For the first time, researchers have successfully observed the electronic structure in a microelectronic device that could pave the way for finely-tuned, high-performance electronic devices.
At the University of Washington and the University of Warwick, physicists have devised a novel method to determine electrons’ momentum and energy in operating microelectronic devices composed of the so-called atomically thin, two-dimensional (2D) materials.
With this data, the physicists can generate visual representations of the materials’ optical and electrical characteristics to guide engineers in increasing their potential in electronic components.
Reported in Nature on July 17th, 2019, the experimentally-led research can also open up opportunities for the 2D semiconductors that could play a major role in state-of-the-art electronics, in applications like quantum computers, mobile devices, and photovoltaics.
A material’s electronic structure describes the way electrons behave inside that material, and thus the nature of the current passing through it. That behavior can differ based on the voltage—that is, the amount of “pressure” on its electrons—used on the material, and hence variations to the electronic structure with voltage establish the microelectronic circuits’ efficiency.
It is these variations in the electronic structure of operating devices that underpin all the latest electronics. However, until now, no direct method was available to observe these changes to help understand how they influence the electrons’ behavior.
Applying this method will allow researchers to have the data they require to fabricate “fine-tuned” electronic components that operate at high performance without consuming excess power and also work more efficiently.
The technique will also help in developing 2D semiconductors that are perceived as promising components for sophisticated electronics, with applications in spintronics, photovoltaics, and flexible electronics. 2D semiconductors are different from today’s 3D semiconductors and contain only a few layers of atoms.
How the electronic structure changes with voltage is what determines how a transistor in your computer or television works. For the first time we are directly visualising those changes. Not being able to see how that changes with voltages was a big missing link. This work is at the fundamental level and is a big step in understanding materials and the science behind them.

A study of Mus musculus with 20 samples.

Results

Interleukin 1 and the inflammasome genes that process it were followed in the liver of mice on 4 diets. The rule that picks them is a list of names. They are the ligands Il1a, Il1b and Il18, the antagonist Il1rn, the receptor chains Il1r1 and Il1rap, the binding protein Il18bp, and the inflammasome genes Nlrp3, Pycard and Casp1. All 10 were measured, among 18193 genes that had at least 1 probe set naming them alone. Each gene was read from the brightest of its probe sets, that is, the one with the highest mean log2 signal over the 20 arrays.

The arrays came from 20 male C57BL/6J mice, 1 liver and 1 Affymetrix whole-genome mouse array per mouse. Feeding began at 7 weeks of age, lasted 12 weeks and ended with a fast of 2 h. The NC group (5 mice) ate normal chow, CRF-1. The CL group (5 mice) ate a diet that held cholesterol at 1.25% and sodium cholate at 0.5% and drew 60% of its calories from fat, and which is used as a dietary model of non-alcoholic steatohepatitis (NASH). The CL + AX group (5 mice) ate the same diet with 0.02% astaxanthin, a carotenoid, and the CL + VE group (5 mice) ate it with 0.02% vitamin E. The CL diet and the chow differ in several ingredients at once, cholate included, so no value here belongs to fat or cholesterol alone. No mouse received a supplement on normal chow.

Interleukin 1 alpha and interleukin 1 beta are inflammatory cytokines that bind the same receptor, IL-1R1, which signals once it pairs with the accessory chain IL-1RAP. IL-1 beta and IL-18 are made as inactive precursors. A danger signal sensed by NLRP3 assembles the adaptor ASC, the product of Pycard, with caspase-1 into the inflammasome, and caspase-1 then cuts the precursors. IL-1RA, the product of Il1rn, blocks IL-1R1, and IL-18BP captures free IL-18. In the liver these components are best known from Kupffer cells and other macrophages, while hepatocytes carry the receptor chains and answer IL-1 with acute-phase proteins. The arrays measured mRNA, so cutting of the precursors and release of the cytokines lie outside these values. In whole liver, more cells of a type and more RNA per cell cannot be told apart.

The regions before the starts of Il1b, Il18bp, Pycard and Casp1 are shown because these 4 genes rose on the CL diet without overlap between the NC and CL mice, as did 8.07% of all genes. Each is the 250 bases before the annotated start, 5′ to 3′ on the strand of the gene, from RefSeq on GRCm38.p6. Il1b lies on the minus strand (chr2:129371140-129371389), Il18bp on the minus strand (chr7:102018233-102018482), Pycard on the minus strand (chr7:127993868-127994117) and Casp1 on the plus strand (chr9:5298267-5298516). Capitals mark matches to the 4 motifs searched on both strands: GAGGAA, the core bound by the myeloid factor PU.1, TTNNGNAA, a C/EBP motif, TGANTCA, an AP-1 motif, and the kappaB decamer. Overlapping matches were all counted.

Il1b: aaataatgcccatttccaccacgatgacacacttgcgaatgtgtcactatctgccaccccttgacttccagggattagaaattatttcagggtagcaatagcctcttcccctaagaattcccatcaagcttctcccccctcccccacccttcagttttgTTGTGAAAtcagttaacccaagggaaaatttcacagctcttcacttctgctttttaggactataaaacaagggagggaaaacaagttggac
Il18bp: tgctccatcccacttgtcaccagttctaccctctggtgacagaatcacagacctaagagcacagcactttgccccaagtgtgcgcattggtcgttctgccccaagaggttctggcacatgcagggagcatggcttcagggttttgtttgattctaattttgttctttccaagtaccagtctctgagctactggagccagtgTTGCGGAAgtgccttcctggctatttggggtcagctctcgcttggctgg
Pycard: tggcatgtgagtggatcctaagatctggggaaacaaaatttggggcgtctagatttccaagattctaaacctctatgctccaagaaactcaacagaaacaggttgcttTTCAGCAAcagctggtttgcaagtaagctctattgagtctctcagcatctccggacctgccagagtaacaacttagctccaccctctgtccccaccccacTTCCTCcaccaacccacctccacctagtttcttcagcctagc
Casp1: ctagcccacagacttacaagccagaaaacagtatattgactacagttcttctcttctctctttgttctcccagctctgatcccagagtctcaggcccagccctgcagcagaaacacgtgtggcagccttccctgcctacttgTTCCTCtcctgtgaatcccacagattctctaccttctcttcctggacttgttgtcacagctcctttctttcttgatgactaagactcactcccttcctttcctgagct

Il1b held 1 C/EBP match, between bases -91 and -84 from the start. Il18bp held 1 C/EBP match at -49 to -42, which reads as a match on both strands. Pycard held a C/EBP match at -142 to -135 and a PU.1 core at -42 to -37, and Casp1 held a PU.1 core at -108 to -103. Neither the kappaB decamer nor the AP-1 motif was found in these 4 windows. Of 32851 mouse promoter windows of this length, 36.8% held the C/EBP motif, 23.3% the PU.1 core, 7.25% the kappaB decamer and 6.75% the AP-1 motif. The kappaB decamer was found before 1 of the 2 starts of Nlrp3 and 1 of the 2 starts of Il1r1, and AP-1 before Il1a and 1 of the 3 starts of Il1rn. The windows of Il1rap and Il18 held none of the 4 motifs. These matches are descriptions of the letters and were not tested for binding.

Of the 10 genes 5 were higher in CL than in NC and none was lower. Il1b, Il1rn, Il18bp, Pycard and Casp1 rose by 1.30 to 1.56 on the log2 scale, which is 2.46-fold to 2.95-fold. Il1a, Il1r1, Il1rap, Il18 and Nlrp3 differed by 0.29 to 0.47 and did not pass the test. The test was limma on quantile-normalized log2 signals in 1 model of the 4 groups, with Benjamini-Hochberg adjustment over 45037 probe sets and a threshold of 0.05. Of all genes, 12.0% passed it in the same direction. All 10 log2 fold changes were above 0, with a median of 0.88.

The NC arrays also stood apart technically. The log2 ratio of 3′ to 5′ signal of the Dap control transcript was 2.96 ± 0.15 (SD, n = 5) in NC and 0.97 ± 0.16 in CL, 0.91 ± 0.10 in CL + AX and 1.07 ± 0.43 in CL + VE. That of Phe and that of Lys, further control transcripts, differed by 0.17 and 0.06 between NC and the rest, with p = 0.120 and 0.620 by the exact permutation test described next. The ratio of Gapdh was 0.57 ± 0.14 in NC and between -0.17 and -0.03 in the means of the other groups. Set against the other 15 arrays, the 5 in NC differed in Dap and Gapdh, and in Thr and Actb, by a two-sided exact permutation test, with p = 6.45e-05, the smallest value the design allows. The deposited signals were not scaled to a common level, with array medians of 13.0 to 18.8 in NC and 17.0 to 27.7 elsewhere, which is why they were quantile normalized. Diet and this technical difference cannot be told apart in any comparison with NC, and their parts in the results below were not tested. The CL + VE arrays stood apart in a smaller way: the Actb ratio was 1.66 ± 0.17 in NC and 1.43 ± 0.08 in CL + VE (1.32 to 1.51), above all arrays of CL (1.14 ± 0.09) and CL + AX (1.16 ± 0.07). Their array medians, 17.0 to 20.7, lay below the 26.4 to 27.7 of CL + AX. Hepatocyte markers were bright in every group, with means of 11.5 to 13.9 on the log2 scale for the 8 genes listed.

Dr Neil Wilson, Department of Physics¸ University of Warwick
Dr Wilson continued, “the new insight into the materials has helped us to understand the band gaps of these semiconductors, which is the most important parameter that affects their behaviour, from what wavelength of light they emit, to how they switch current in a transistor.”
Angle-resolved photoemission spectroscopy, or ARPES, is used by the technique to “excite” electrons in the selected material. When a beam of X-ray or ultra-violet light is focused on atoms in a localized area, the excited electrons are displaced from their atoms. The electrons’ energy and their direction of travel can be subsequently measured and from this, scientists can work out the momentum and energy they had within the material (applying the laws of the conservation of energy and momentum).
That establishes the material’s electronic structure, which can be subsequently compared against hypothetical predictions. These predictions were based on advanced electronic structure calculations conducted in this case by the research team of co-author Dr Nicholas Hine.
To test the technique, the researchers used graphene and then applied it to 2D transition metal dichalcogenide (TMD) semiconductors. The measurements were done at the Spectromicroscopy beamline at the ELETTRA synchrotron in Italy, in association with Dr Alexei Barinov and his research team there.
It used to be that the only way to learn about what the electrons are doing in an operating semiconductor device was to compare its current-voltage characteristics with complicated models. Now, thanks to recent advances which allow the ARPES technique to be applied to tiny spots, combined with the advent of two-dimensional materials where the electronic action can be right on the very surface, we can directly measure the electronic spectrum in detail and see how it changes in real- time. This changes the game.
Dr David Cobden, Professor, Department of Physics, University of Washington
Dr Xiaodong Xu, from the Department of Physics and the Department of Materials Science & Engineering at the University of Washington, stated, “this powerful spectroscopy technique will open new opportunities to study fundamental phenomena, such as visualisation of electrically tunable topological phase transition and doping effects on correlated electronic phases, which are otherwise challenging.”
The Engineering and Physical Sciences Research Council, part of UK Research and Innovation, and the U.S. Department of Energy and the National Science Foundation supported the study.